Randall E. Presley began his homebuilding career in Bakersfield after serving in World War II as a pilot and bombardier. As a young real estate broker and subdivider, he saw the need for low- to-medium priced quality homes, and after several years of having other builders construct the homes on his developments, in 1951 he sold his real estate business and moved into residential construction.
In 1956, he founded Presley Development Company in which he did the majority of his construction business. In 1963, that company changed its headquarters from Bakersfield to Orange County, where in June 1969, Presley Development Company became publicly owned and was traded on the American Stock Exchange, and, later the New York Stock Exchange. On December 11, 1984, the company merged with Pacific Lighting Corporation.
During his years in the building industry , the Presley Companies built more than 160 residential communities. At one time it was the ninth largest homebuilder in the United States, with operations in Maryland, Virginia, Illinois, New Mexico, Arizona and both Northern and Southern California. As a major housing producer, the company was a leader in creating functional and efficient designs that appeal to a broad spectrum of homebuyers. During times of recession in the housing market, the Presley Companies enjoyed above average sales through extensive use of innovative marketing and financing programs.
As one of the original founders and co-Chairman of CEEED, Mr. Presley played an active role in the development of this outstanding organization, which brought together labor and management to form a coalition to promote the construction industry's position on a strong free enterprise system and a strong voice for property rights and environmental balance.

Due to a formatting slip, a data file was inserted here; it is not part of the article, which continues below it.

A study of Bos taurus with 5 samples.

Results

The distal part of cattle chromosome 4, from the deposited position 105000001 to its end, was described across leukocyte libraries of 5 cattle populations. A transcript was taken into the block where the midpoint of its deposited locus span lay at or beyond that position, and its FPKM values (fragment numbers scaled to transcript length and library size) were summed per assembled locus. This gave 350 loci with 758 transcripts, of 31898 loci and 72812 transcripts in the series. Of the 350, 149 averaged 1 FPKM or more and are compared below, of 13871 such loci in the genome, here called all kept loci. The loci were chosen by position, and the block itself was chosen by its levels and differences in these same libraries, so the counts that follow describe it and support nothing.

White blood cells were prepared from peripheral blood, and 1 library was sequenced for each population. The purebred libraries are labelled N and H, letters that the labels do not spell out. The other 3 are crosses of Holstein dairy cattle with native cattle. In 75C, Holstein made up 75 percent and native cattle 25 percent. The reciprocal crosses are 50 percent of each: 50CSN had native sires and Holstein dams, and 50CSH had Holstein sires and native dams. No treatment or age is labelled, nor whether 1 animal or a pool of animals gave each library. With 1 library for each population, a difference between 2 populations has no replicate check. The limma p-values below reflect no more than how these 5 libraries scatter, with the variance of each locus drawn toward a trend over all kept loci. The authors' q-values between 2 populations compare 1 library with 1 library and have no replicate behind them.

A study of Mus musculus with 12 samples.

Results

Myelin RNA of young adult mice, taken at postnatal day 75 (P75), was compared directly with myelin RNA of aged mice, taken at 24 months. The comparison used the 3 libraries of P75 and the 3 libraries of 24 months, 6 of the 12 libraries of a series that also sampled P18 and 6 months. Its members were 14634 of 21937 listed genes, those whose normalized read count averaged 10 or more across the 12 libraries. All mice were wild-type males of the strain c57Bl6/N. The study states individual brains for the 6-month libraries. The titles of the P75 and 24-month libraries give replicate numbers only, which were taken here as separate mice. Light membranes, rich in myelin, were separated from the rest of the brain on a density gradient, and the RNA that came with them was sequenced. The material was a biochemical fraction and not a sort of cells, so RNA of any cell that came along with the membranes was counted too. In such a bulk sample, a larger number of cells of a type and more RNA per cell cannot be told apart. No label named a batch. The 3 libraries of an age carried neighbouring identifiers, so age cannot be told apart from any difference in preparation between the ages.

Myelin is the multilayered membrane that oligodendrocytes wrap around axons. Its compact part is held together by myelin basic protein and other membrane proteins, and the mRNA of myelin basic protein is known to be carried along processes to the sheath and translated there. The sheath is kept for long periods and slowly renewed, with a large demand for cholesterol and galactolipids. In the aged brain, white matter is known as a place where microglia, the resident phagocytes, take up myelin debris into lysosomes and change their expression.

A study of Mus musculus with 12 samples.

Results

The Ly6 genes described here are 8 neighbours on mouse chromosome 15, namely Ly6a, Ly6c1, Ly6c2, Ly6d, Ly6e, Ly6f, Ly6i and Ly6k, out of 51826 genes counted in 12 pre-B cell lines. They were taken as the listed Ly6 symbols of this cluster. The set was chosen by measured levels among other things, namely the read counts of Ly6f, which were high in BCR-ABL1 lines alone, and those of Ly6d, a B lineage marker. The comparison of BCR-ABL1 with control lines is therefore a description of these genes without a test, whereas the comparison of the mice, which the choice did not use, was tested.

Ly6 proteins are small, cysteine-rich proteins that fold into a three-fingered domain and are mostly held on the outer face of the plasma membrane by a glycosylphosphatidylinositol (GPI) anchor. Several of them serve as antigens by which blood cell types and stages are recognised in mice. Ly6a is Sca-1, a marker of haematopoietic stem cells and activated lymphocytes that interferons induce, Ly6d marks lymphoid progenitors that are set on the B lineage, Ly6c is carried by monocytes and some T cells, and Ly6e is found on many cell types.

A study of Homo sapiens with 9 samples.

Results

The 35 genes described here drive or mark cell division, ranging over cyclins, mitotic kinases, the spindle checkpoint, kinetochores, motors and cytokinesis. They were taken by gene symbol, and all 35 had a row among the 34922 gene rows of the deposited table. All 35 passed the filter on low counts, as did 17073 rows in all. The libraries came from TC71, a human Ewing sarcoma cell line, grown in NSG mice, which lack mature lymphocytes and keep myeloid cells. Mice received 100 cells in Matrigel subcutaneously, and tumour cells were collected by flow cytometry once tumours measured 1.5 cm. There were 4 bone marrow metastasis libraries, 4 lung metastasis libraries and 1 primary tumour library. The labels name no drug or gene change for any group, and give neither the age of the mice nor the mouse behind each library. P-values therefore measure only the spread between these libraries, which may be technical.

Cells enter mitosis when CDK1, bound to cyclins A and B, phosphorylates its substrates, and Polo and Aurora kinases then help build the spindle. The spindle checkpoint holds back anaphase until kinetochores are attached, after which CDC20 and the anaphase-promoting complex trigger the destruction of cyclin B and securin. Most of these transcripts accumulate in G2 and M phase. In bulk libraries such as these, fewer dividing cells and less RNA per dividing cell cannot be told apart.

Mr. Presley also has been a long time member and former Director of the Building Industry Association and was co-founder and Chairman of the Committee for Monetary Reform, an organization with the objective of making our country's central bank truly independent of undue influence by any segment of business or industry. To accomplish this, the Committee filed a lawsuit against the Federal Reserve System for the removal of five bankers from the Federal Open Market Committee. And, concurrently, has paid the cost of a similar suit brought by a member of the United States Senate with the same objective.
Mr. Presley is an active member in several charities, including serving on the Board of Directors of the Orange County Council Boy Scouts of America, City of Hope, Construction Industries Alliance, and others.
He believes that the Building Industry Association must continue to grow in numbers and in strength if that industry is to meet the needs of the American homebuyer.